On 30 May 1916, the Peugeot L45 driven by Dario Resta won the mythical Indianapolis 500 race, at an average speed of 135 km/h. A hundred years later, the Peugeot L500 R HYbrid, a futuristic interpretation of the Indy spirit, pays tribute to the incredible “Charlatans” team that brought Peugeot three superb US victories on the Indy 500 speedway from 1913 to 1991.
Brian Joss – The Peugeot L500 R HYbrid hugs the asphalt to deliver its full potential right from pull off. With its wide track, low profile (just one metre high) and light weight (1000 kg), Peugeot L500 R HYbrid is made for performance: it takes just 2.5 seconds to reach 100 km/h from standstill, and 19 seconds to cover 1 000 metres. Developed by Peugeot Sport teams, the 500-bhp plug-in hybrid petrol powertrain features two electric motors (one front and one rear) plus a 270 hp petrol engine, yielding peak torque of 730 Nm. Style-wise, the sleek lines run from the lion badge on the radiator grille toward the driver to end in a streamlined rear feature (a nod to the car’s century-old ancestor) highlighting the three distinctive rear lamp claws that form part of Peugeot’s design identity today.
Because the Peugeot L500 R HYbrid racing car is designed to be one with its driver, driving sensations are amplified by a driver compartment deliberately designed to form an individual floating capsule enclosed in the bodywork. Through a prospective concept, the i-Cockpit technology takes a radical motorsport stance, with a small steering wheel embedded in the structure and two holograms showing information in dual disc displays. In their relentless quest for aerodynamic, the Peugeot teams reinterpreted the original L45 two-seat architecture to produce a single seater that offers a virtual co-pilot an amplified real-time racing experience through a virtual reality headset. The L500 R HYbrid is a timeless Peugeot, extending to the future with its forwardlooking design, overtly acknowledging the past prowess of its predecessors, and proudly showing off some of Peugeot’s present-day design identity features, such as the front light signature seen on the Peugeot 3008 SUV, or the striking blue and black colour scheme as a reference both to the 500- bhp petrol hybrid drivechain and to the colour of the original L45.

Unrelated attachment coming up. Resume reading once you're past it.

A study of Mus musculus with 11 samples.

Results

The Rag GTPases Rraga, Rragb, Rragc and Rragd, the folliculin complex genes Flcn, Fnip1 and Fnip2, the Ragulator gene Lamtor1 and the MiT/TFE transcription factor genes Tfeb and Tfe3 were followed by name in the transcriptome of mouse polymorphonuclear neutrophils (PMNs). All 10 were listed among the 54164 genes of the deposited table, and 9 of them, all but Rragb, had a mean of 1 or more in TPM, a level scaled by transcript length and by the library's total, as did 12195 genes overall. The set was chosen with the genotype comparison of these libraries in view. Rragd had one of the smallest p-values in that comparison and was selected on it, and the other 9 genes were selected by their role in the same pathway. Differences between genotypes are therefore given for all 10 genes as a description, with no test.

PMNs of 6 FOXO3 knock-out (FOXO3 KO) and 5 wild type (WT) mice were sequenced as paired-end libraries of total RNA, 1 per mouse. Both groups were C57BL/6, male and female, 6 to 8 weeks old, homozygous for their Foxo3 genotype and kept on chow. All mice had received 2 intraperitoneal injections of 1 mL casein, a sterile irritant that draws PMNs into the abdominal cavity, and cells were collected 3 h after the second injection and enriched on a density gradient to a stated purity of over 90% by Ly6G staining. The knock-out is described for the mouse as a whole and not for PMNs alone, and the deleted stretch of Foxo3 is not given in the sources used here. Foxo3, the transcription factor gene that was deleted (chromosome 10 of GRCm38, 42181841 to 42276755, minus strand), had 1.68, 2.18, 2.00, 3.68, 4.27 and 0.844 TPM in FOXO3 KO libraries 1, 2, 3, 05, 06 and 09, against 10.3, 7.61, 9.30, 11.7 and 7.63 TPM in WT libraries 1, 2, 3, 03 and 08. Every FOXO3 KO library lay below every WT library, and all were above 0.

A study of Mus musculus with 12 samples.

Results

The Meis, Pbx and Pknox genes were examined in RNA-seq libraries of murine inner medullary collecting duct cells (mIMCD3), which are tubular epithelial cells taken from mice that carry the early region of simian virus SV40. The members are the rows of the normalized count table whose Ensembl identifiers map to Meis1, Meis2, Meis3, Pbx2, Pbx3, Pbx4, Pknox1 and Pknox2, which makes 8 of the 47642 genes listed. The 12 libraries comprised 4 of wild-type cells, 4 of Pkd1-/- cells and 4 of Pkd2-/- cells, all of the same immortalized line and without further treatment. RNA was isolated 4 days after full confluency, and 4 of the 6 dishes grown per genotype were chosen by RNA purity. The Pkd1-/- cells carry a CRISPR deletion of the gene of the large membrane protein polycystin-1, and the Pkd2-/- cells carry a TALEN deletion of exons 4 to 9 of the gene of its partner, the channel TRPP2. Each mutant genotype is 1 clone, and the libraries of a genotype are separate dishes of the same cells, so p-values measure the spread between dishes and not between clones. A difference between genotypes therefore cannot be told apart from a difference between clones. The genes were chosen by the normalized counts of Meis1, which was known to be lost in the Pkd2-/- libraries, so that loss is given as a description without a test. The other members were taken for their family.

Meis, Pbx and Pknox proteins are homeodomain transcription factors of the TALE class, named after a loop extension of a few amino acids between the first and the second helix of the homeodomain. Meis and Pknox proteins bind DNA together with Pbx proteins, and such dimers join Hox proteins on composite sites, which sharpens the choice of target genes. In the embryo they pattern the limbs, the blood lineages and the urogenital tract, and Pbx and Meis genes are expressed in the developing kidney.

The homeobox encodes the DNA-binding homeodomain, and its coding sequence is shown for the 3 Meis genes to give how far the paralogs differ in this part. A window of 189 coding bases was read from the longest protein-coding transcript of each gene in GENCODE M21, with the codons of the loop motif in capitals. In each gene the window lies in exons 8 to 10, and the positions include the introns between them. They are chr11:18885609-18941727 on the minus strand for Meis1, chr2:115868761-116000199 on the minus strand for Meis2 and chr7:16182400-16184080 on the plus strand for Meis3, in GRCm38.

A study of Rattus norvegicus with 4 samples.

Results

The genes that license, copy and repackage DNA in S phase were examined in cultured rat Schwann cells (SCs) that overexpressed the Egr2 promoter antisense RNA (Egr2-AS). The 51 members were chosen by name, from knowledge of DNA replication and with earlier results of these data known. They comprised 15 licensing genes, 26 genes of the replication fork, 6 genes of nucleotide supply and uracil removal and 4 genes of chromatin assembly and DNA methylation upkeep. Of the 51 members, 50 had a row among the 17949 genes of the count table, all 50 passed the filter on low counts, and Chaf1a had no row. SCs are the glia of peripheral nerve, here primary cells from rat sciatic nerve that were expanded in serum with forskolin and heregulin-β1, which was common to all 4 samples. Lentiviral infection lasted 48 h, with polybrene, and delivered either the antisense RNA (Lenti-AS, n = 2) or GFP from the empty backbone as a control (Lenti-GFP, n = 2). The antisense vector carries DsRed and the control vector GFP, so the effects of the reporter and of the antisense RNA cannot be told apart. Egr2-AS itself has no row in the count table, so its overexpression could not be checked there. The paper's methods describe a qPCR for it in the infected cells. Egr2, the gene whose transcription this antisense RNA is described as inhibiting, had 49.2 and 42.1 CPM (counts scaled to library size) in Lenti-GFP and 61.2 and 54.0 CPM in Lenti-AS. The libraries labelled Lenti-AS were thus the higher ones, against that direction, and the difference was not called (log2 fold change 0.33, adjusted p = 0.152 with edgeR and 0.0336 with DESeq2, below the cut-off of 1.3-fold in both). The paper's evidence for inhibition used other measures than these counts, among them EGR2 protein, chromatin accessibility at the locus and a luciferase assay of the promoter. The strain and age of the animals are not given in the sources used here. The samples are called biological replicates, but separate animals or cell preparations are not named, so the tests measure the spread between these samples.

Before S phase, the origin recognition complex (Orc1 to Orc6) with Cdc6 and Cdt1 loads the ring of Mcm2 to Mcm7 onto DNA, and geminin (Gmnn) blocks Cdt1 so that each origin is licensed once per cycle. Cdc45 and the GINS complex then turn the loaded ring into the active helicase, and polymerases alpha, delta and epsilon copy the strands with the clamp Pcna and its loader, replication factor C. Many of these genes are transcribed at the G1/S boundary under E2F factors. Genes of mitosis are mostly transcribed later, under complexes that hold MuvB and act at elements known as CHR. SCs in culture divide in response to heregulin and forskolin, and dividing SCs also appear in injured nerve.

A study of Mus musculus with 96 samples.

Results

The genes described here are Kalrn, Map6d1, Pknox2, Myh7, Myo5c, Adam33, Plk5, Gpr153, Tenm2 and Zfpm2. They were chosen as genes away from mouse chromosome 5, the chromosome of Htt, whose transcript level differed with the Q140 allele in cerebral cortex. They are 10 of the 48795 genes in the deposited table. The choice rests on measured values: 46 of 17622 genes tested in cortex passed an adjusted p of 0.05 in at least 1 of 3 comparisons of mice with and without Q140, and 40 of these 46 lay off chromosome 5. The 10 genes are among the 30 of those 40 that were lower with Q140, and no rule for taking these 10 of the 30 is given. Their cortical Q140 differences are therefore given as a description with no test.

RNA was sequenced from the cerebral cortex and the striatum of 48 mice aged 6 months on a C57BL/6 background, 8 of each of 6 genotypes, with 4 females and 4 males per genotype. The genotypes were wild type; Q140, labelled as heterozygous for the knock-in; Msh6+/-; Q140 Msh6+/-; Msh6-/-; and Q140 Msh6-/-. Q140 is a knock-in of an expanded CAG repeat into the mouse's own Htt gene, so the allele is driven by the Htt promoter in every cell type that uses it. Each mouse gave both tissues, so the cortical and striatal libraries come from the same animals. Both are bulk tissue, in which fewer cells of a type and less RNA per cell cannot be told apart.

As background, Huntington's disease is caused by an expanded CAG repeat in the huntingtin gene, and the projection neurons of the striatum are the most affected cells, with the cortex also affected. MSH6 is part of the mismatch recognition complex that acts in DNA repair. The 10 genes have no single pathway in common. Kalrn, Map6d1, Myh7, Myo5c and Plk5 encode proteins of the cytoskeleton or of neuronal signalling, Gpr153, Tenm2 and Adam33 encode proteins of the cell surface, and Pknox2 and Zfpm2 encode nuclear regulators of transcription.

The L500 R Hybrid pays tribute to the L45 and to Peugeot’s illustrious past in the USA, when the Lion claimed three victories in the 500-mile event at the Indianapolis speedway, the world’s second-oldest racetrack. The L45 (for 4.5 litres) took over from the L76, put together in 1912 by a team of intrepid young drivers known as the “Charlatans”, who produced a whole series of racers that would open a new age in racing engine design, through to 1919. The L76 was the first car in the world to use a four-cylinder engine with four valves per cylinder plus a dual overhead camshaft, and was the first modern racing car to reach 190 km/h.
At the wheel of Peugeot’s first racers —L76, L57, L3 and L45— the Charlatans claimed success after success on the racetracks of the world. Drivers Georges Boillot, Jules Goux and Paolo Zuccarelli, and engineer Ernest Henry, enjoy enduring renown for bold innovation. The team’s early American exploits marked the start of a string of exceptional victories for Peugeot Sport in the USA: Ari Vatanen in 1988 and Robby Unser in 1989 won the mythical Pikes Peak hill race with Peugeot 405 T16, and Sébastien Loeb’s Peugeot 208 T16 Pikes Peak made a record-breaking run in 2013, completing the 20 km to reach the summit in 8’13”878. There’s no let-up in the spirit of conquest at Peugeot; this was quite clear, for example, when Stéphane Peterhansel victoriously signed Peugeot comeback to the Dakar, after its four successive wins from 1987 to 1990.
“With the L500 R HYbrid we’re paying tribute to Peugeot’s racing exploits dating to the early 20th century. Inspired by this spirit of performance and innovation we wanted to convey a sculptural, elegant and technological view of the future of Peugeot motor sport”, explains Matthias Hossann, Peugeot’s concept car and technological advance chief.